Joe is a 10 month old, male, neutered Boxer puppy. He is very happy and energetic. He is here today for a small lump on the face that has appeared over the past week. Over the weekend it became raw with some serous to slightly bloody discharge. He is acting fine and does not seem to be scratching at the lesion. On physical examination Joe appears to be generally healthy. He is a wiggly boxer puppy. The only abnormal finding is the mass on his face. It is raised, firm and ulcerated. It is about 1cm diameter, flat and about 4mm thick. It is located just under the left eyelid. He does not mind that it is touched, just that he has to hold still.
What could this be and what should we do about it?
Answer: Cutaneous Histiocytoma
There are a number of things this lump could be. Given its rapid formation and current appearance, the most likely answer is a cutaneous histiocytoma. However, other problems are possible and should be ruled out. These include mast cell tumor, malignant histiocytoma, infection, and other skin tumors.
Cutaneous histiocytomas are benign inflammatory lesions. The exact cause has not been determined, but it does not seem to be infectious.
We most commonly see these in young dogs, often less than 2 years old and it seems most commonly in dogs less than 1 year old. These masses can form anywhere on the body but seem to be more common about the face. They form rapidly, usually as a firm, raised, skin mass that then loses its hair and the entire surface ulcerates. It then weeps a small amount of serous to slightly bloody fluid, as most open wounds will do. It can form a large scab if it is in a location with lots of hair. It can also become infected secondarily. Usually they are small (less than 1cm diameter) and round, but they can be several centimeters diameter and somewhat irregular.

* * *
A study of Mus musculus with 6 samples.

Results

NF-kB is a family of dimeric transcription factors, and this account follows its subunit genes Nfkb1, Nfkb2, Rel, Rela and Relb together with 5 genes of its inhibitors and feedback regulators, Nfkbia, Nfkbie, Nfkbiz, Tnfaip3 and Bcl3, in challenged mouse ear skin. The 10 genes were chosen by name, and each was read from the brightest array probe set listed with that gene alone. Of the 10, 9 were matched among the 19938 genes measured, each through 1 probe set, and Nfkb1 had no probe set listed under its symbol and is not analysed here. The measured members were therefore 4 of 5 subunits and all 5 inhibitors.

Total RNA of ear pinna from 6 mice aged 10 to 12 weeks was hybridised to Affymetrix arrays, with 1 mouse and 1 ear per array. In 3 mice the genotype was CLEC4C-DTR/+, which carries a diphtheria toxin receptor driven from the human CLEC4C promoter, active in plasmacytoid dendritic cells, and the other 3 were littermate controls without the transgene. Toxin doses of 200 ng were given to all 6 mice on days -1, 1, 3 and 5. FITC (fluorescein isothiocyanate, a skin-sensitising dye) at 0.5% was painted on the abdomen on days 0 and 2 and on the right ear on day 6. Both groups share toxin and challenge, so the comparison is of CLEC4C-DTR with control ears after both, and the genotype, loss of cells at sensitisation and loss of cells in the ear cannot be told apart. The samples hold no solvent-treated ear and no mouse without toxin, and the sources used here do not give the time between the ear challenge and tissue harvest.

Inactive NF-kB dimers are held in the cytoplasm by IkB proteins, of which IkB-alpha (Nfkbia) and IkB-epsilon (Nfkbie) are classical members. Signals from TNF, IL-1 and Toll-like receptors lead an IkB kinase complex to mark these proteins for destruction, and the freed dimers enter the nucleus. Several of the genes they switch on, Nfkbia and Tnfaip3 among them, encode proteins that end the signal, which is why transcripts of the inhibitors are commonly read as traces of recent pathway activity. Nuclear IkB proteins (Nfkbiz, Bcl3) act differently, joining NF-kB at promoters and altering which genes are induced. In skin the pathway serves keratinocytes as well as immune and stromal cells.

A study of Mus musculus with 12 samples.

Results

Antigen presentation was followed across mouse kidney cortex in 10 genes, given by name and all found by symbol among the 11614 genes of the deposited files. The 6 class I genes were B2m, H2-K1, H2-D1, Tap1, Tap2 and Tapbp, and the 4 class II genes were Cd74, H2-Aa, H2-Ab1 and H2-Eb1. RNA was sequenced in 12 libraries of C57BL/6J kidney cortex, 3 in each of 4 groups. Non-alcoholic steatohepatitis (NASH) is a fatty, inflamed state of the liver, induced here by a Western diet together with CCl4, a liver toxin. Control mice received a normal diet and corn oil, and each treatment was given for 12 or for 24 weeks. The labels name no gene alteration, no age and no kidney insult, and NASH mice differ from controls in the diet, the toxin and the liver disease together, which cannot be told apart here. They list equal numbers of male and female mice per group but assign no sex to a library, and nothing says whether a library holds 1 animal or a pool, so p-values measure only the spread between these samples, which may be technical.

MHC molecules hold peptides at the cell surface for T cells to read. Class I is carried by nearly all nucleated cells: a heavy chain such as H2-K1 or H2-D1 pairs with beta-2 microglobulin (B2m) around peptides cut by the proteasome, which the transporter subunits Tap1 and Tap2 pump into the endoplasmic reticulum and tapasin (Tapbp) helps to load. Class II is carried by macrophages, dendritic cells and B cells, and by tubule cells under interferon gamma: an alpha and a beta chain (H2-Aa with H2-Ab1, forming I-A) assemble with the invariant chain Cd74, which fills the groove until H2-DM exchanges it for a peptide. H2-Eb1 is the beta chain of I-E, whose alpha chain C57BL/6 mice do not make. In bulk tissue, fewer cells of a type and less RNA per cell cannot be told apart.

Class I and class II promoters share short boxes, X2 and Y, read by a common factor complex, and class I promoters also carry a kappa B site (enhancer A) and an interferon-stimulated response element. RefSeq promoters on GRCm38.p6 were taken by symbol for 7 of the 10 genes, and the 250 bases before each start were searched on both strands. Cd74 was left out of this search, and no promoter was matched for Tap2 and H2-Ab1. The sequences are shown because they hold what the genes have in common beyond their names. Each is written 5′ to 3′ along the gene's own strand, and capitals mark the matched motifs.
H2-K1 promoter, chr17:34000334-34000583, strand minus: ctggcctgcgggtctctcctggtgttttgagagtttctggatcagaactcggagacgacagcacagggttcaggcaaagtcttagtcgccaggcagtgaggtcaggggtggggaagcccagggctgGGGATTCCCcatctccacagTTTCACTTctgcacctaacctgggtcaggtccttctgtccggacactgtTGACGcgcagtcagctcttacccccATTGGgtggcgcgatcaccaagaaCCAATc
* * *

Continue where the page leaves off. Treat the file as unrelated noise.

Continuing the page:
The problem comes with accurately diagnosing what these are. Given the small thickness of these lesions, it can be difficult to get some cells with a needle. Touch preparations with microscope slides are not always rewarding due to the serum. When a cytology sample is collected, we can rule out a mast cell tumor and some other tumors, but determining the benign or the malignant forms of this tumor is not possible. However, patient age is strongly suggestive.
There are really 2 ways to determine whether this is benign or not. The most rapid way is to remove the mass and send it in for histopathology. The other way is to wait and watch. The benign histiocytomas usually will regress in a few weeks with only minor treatment, mainly keeping it clean. Sometimes it is better to monitor the mass than to jump into surgery. As with Joe, we could cause functional problems by removing skin so close to the eyelid. Joe would need sedation to attempt to get cells with a needle.
Joe's owners elected to watch the mass initially and keep it clean. Two weeks later the mass was quieter and nearly epithelialized. It was also getting smaller. Joe's mass went on to resolve completely.
Cutaneous histiocytomas run a very predictable course both in appearance and in microscopic changes. By the ratio of cell types in this benign inflammatory lesion, pathologists can determine whether it is forming or regressing.